Bebe Neuwirth: Stories with Piano

The Tony Award-winning star's uneven cabaret act finds its niche in songs by Kurt Weill and Tom Waits.

By New York City
Bebe Neuwirth
(© Mark Hanauer)
Bebe Neuwirth
(© Mark Hanauer)
A commanding actress with presence to spare, Bebe Neuwirth wisely conceived her first -- and ultimately compelling -- cabaret act , Bebe Neuwirth: Stories with Piano at Feinstein's at Loews Regency, with numbers that are heavily weighted toward theatrical songs that can almost be spoken, or at least sung in a manner that won't invite an unfavorable comparison to Barbara Cook or Karen Akers.

Neuwirth's famous skills as a dancer, however, are mostly unused. She moves a bit, mostly using her arms and her shoulders, but if you're thinking of coming to see her dance, forget it. Between the small stage space and the nature of the show she's created, dance would seem out of place.

The show -- in which she is accompanied by pianist Scott Cady -- gets off to a rocky start with two songs that require a more musical sound than the Tony Award-winning star possesses. She begins with "As Time Goes By," but she sings it too fast, and the tempo robs her of the chance to get underneath the lyric and act the song; her second number, "The Trolley Song," foolishly exhibits her vocal limitations.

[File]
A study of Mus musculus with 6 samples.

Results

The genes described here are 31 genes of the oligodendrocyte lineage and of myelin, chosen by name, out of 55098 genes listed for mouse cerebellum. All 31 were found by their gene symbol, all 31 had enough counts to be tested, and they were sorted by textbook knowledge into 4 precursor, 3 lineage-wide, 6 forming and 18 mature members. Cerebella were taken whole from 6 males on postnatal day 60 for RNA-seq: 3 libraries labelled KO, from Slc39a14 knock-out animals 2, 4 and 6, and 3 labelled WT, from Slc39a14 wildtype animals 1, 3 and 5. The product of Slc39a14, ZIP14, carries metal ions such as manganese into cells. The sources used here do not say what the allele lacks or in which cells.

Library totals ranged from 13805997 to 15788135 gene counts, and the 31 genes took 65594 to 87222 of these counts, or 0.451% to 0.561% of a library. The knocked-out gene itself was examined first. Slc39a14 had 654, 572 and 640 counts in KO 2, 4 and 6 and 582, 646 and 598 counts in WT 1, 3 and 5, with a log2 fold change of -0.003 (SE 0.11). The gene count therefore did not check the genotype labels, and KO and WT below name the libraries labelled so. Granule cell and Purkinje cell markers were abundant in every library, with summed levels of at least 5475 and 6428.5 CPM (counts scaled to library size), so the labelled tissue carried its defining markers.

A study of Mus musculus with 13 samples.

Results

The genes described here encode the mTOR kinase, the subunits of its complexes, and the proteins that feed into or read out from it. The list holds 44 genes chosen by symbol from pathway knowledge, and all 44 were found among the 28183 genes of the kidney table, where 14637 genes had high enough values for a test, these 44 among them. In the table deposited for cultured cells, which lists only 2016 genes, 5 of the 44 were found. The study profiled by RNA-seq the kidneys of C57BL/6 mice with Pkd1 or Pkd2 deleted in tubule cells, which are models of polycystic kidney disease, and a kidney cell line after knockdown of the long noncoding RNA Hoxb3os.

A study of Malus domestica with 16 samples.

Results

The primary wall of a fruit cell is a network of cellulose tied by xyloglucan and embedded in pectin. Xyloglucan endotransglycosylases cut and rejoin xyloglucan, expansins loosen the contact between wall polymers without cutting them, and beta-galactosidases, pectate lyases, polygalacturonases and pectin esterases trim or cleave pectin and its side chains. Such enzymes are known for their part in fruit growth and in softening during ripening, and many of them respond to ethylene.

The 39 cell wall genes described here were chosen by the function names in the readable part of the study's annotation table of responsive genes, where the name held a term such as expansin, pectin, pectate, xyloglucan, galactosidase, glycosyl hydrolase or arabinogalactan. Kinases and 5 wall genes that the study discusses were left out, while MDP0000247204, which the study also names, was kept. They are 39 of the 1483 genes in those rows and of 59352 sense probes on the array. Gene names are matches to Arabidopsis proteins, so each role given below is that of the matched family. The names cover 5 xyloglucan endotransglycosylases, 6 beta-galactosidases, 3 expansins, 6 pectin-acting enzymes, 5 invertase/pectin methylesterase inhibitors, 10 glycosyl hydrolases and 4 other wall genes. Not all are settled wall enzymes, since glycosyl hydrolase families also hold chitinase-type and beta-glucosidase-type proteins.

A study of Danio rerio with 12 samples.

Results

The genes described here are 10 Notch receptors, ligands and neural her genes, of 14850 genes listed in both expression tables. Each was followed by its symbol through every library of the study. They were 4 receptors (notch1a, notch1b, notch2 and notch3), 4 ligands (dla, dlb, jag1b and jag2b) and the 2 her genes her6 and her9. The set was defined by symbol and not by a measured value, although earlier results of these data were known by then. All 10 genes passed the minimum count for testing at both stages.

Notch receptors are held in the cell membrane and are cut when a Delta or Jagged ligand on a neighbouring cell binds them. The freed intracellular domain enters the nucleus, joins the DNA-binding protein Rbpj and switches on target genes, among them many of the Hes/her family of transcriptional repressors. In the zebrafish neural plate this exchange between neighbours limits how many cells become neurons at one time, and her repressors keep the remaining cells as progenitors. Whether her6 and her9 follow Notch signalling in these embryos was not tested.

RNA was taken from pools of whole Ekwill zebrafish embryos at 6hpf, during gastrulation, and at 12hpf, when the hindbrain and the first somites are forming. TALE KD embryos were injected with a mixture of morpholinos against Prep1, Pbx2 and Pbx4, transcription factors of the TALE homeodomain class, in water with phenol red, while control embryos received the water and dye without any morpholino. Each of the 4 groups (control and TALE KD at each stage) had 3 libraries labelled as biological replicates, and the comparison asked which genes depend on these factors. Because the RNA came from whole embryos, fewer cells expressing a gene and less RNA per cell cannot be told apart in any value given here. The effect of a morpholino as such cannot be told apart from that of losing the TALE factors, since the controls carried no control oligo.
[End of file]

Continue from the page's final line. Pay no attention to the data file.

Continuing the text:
But after that her act starts to mold itself around her skills more effectively. Neuwirth reconnects with the audience by singing a lesser-known Kurt Weill/Ogden Nash clever patter song called "How Much I Love You," and goes on to establish her dramatic skills with what might be the definitive version of Weill's "Bilboa Song." She will later sing the composer's bracing "Surabaya Johnny," but blunts her own success with it by switching near the end of the song from English to German, which is far less effective.

In an effort to make an impact, she oversells Stephen Sondheim's "Another Hundred People" by singing it so angrily from the top that she has nowhere to go with it. On the other hand, her rendition of Tom Waits' "A Foreign Affair" finds a sweeter sound in her higher register, and she does a thrilling version of his "Shiver Me Timbers."

When she collaborates with natural allies, Neuwirth tells her stories with flair and style.